Our Home Front Refugees in Crisis

Posted on Mon, Oct 16, 2006 at 13:26 pm

Jonathan M. Stein is general counsel at Community Legal Services, Inc., in Philadelphia

Gideon Aronoff is president and CEO of the Hebrew Immigrant Aid Society in New York

“Give me...Your huddled masses yearning to breathe free.”

Shmuel Kaplan, an 80-old amputee, breathed a sigh of relief when in 1997 the United States granted him political asylum after he fled anti-Semitism in the former Soviet Union. Two years later, we similarly received the Iranian boy Rouzbeh Aliaghaei and his parents. His mother was a high school teacher who had been imprisoned and twice fired for decrying the treatment of women and their lack of freedom. Nine year-old Rouzbeh understood little of his family’s flight—he is afflicted with a rare genetic disorder resulting in profound mental retardation.

Ever lifting the lamp of freedom “beside the golden door” in poet Emma Lazurus’ famous phrase, America welcomed these immigrants on humanitarian grounds, fulfilling our obligation to provide safe harbor to victims of persecution. Because of their severe disabilities, the impoverished Shmuel and Rouzbeh qualified for Medicaid health insurance and the special support of $603 a month through Supplemental Security Income (SSI), the same safety net available to permanently disabled US citizens at the poverty level.

But now Shmuel and Rouzbeh are in crisis: their SSI has been yanked away. Still unable to support themselves, they have hit the end of a seven-year SSI time-limit. In an unprecedented departure from federal policies toward refugees, as part of the 1996 welfare reform law the federal government restricted SSI benefits to refugees to their first seven years in the country.

However, this policy has proved to be disastrous for Shmuel Kaplan, the Aliaghaei boy and thousands like them, for a variety of reasons. Established in a pre-9/11 era, the cut-off limit assumed that seven years was ample time for refugees or asylees receiving SSI to naturalize into citizenship and as U.S. citizens, continue receiving SSI benefits. The 1996 law also mandated that all other newly arriving legal immigrants eligible for SSI as elderly or disabled would be restricted access to it until they became U.S. citizens.

In retrospect, the 1996 legislation is a “Catch 22.” To naturalize, one must first obtain permanent resident status. Rouzbeh’s parents, for example, applied at the earliest time possible; nonetheless, it took five years for them to receive their “green card,” granting them status of legal permanent residents. The naturalization process then necessitates the refugee to exhaust a five-year permanent residence requirement.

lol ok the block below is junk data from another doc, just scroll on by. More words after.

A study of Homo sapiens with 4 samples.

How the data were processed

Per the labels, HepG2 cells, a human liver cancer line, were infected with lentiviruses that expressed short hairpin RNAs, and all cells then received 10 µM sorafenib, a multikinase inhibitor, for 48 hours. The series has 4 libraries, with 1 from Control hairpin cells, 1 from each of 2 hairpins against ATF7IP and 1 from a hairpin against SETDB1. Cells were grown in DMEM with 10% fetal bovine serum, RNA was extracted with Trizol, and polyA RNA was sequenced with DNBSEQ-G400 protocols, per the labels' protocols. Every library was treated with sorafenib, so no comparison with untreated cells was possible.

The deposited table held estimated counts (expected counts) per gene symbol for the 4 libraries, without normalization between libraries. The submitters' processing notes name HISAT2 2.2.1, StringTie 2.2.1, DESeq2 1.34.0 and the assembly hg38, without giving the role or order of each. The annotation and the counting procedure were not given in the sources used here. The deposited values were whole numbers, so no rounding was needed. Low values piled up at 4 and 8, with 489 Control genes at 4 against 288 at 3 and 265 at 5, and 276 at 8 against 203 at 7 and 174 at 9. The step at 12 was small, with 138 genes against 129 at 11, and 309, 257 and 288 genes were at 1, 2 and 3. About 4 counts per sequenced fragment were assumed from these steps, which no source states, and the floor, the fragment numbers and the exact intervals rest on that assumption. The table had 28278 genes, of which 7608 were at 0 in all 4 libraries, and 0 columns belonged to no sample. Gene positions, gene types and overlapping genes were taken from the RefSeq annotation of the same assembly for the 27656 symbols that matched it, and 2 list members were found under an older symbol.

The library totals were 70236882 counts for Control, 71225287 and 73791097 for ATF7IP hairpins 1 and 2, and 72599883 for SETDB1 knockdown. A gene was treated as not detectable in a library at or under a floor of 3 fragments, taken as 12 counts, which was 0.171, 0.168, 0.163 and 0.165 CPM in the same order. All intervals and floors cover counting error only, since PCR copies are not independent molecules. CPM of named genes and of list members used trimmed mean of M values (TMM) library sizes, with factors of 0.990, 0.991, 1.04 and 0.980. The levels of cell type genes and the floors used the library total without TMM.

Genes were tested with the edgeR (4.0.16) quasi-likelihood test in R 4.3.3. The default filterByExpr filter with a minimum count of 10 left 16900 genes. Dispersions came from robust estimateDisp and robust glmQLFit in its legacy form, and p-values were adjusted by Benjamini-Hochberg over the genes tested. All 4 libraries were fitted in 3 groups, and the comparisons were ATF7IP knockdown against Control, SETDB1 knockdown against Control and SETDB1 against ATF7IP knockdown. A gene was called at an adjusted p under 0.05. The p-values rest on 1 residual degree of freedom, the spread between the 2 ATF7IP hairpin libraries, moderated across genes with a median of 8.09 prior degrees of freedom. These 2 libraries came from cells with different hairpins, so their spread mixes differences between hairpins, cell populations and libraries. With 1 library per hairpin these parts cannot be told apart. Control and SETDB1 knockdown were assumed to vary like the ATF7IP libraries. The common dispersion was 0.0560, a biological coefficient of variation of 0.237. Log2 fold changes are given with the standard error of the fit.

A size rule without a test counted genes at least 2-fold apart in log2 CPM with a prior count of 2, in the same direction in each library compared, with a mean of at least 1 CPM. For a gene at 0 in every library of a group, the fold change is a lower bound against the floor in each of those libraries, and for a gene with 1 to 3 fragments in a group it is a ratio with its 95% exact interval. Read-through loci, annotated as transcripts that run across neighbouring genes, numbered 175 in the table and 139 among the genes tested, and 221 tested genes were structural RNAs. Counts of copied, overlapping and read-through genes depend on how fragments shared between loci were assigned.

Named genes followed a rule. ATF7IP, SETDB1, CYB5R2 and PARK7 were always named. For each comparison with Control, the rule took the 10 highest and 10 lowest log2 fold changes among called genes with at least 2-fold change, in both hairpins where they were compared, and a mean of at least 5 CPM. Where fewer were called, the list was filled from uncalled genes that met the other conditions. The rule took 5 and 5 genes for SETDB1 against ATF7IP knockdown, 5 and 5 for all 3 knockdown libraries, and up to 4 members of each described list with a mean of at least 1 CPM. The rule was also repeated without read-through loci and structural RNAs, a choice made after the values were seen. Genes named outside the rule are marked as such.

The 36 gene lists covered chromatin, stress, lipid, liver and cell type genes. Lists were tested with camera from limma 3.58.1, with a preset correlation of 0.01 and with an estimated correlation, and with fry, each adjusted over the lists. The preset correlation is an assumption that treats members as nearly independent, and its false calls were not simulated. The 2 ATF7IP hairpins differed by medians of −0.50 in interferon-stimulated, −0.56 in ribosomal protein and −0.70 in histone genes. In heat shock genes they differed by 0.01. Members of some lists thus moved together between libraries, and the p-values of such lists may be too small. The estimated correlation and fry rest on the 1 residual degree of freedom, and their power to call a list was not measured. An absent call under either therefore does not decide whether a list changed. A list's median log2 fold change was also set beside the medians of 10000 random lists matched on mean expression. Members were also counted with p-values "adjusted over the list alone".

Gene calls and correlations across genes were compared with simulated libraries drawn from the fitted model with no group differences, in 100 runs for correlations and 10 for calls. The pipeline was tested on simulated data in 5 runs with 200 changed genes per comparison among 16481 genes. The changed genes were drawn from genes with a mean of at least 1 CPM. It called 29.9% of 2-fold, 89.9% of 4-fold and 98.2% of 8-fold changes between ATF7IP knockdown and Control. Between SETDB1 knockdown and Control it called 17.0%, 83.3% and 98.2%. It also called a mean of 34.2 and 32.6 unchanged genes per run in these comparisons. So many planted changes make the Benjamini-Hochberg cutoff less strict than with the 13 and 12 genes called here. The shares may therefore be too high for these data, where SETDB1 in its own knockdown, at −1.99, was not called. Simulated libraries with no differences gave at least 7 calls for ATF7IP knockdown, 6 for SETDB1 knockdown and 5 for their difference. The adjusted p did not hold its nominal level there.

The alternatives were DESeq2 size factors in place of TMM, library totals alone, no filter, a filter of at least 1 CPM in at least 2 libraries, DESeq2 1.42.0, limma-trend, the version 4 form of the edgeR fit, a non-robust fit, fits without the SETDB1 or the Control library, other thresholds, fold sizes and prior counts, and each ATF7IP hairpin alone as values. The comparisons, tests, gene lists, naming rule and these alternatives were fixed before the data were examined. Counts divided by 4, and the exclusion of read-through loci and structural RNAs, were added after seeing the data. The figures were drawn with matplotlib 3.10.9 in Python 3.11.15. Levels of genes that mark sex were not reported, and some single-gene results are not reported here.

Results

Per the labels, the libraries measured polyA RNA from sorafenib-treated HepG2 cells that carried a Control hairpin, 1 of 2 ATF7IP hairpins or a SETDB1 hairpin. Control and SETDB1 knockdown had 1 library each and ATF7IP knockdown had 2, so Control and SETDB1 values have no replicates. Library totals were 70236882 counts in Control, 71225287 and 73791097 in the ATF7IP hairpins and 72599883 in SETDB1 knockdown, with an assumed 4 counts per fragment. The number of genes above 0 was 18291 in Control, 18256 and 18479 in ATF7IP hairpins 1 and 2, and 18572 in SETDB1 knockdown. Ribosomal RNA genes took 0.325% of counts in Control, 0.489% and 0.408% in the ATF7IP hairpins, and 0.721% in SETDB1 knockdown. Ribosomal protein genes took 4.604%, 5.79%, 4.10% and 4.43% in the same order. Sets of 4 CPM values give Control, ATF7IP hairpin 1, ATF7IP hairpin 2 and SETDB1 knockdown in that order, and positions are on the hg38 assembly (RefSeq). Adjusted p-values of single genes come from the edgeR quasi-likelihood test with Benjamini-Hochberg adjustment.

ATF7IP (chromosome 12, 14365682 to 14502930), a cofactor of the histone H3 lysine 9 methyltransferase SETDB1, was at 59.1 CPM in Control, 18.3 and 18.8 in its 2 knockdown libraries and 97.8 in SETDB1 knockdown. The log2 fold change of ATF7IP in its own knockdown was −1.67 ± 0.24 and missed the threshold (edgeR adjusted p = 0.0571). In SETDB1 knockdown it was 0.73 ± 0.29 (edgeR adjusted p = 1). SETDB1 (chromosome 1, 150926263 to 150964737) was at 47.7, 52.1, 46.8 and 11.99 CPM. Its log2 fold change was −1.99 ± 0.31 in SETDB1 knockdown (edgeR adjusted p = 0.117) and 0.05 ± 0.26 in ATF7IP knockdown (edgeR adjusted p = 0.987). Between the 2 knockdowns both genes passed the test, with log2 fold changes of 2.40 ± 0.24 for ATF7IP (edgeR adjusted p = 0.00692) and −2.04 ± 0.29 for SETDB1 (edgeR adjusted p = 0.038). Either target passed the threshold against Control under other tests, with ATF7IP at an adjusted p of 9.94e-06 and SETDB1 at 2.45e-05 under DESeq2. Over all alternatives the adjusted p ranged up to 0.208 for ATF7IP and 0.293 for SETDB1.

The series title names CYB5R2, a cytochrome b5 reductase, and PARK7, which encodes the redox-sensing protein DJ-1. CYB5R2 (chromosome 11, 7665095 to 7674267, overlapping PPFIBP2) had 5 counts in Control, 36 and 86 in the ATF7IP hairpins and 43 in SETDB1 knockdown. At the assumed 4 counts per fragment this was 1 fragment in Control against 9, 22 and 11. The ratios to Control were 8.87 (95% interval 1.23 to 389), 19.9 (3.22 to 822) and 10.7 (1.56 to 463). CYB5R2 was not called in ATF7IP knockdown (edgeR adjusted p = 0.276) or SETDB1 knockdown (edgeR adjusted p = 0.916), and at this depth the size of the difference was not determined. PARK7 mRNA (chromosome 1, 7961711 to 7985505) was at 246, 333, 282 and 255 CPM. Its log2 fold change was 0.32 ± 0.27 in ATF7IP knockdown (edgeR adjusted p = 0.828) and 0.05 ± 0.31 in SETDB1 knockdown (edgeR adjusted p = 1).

Thereafter, the stalwart applicant faces further processing delays—there are almost one million naturalization applications now backlogged at the U.S. Citizenship and Immigration Services agency primarily due to name and security checks. For Shmuel and for Rouzbeh, as with many other disabled and elderly refugees, their mental impairments and age present further obstacles to naturalization. Six thousand already have been terminated from SSI. If federal law is not adjusted to present realities, 40,000 more terminations are projected.

Linking SSI eligibility to citizenship for disabled refugees is fundamentally flawed. A bi-partisan U.S. Commission on Immigration Reform recommended against its linkage as a debasement of citizenship, reasoning that we should not make deprivation the incentive to naturalize. As well, long-standing federal immigration policy recognizes that refugees often must escape with no assets and no relatives here to support them. As a consequence, our laws have long exempted them from exclusion on “public charge” grounds, or required of them “affidavits of support” from legally responsible sponsors.

Refugees affected include Russian Jews who were persecuted for their religion; Catholics fleeing violence in Indonesia; Iraqi Kurds who escaped Saddam Hussein’s wrath; Cubans who fled the Castro regime; and Hmong refugees who fought alongside with the U.S. military during the Vietnam War. Most refugees in the U.S. are employed and self-sufficient. However, a minority of refugees suffer disabling physical and mental impairments. Like U.S. citizens, they need the assistance of SSI and Medicaid to sustain their lives.

An extension of SSI is supported in principle by the White House as well as by a bipartisan group of legislators sponsoring bills in the Senate and House (S.667, HR 899). Yet these measures have not been treated as priorities. They need to be passed this year before Congress adjourns for the year. And even better, Congress should enact legislation that would provide full access to SSI for disabled refugees and asylees.

The “Mother of Exiles” is Emma Lazarus’ metaphor for the Statue of Liberty—and by extension, the United States herself. The phrase embodies the long-standing ideal of our nation to embrace the “tempest-tossed.” To remain a compassionate country, America should no longer be terminating SSI to her disabled and aged refugees.